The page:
C H A P T E R 1 2
Special-Purpose Objects for Data Storage and Retrieval
Using Special-Purpose Data Storage Objects
A VBO becomes permanent only when it is written to a soup entry, and its associated
binary data always resides on the same store as the entry. Thus, when creating a
VBO, it's usually best to specify that it use the same store as the soup entry into
which you'll save the VBO. If you try to put the same VBO in two different soup
entries, a duplicate VBO is created, even if both entries reside on the same store.
It is recommended that you enclose in a
block any code that writes VBO data.
Store memory for VBO data is not allocated when the VBO is created; rather, it is
allocated as needed to write VBO data. Thus, when writing an entry containing a
VBO back to its soup, it is possible to fail due to lack of store space for new or
changed VBO data, even though the VBO was created successfully.
Because the system manages store-backed VBO data transparently, calling a
function such as
on a VBO does not necessarily cause the system to
write new VBO data to the store. For similar reasons, VBOs may raise exceptions
at seemingly unusual times, as the system moves VBO data to and from store
memory as required to accommodate various objects' needs.
Finally, you may need to consider store space requirements when copying soup
entries that hold VBOs. When moving or copying a soup entry containing a VBO,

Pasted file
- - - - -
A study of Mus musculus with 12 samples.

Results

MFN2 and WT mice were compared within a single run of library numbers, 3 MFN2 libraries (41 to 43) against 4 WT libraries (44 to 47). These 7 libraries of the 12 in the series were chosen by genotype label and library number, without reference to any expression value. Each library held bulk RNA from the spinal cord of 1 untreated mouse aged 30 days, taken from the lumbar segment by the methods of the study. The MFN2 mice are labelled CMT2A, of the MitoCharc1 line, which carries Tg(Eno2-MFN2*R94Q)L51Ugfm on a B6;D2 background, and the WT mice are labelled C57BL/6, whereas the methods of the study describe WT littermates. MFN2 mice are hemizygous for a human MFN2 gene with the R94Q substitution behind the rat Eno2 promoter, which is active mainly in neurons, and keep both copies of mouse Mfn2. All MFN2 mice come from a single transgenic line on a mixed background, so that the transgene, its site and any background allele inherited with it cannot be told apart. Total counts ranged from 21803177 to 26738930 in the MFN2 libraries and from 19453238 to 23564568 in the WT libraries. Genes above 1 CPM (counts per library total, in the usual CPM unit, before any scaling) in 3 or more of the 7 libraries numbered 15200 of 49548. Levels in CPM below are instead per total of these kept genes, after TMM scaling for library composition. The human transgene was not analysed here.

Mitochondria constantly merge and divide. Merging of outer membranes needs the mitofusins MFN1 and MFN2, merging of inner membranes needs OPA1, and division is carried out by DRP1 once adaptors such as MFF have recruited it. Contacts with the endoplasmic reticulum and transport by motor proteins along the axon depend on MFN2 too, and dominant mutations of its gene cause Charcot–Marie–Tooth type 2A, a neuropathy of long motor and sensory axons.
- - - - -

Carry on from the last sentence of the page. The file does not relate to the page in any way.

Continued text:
another copy of the VBO data is made by the destination soup's
because VBO data is not shared between entries.
For a short code example that creates a VBO, saves data in it, and writes the VBO
to a soup, see the conclusion of the "Modifying VBO Data" section, immediately
Modifying VBO Data
Recall that examining or modifying any slot in a soup entry causes the entire entry
to be read into the entry cache. When an entry containing a VBO is read into the
entry cache, the VBO data is not read into the entry cache, but made available to
the entry transparently.
Subsequently modifying the entry changes the cached data while leaving the
original soup entry untouched. The changes to the entry (and any VBOs residing in
it) are not saved until the entry is written back to the soup; for example, as the
result of an
Because store space for VBO data is not allocated until the data is
actually written, it's recommended that you enclose VBO write
operations in exception handling code.
To undo changes to binary data associated with a VBO that resides in a cached
soup entry, call the
function. This function disposes of the
cached soup entry and restores references to the original, untouched soup entry; it
also undoes changes to VBO data referenced by the entry.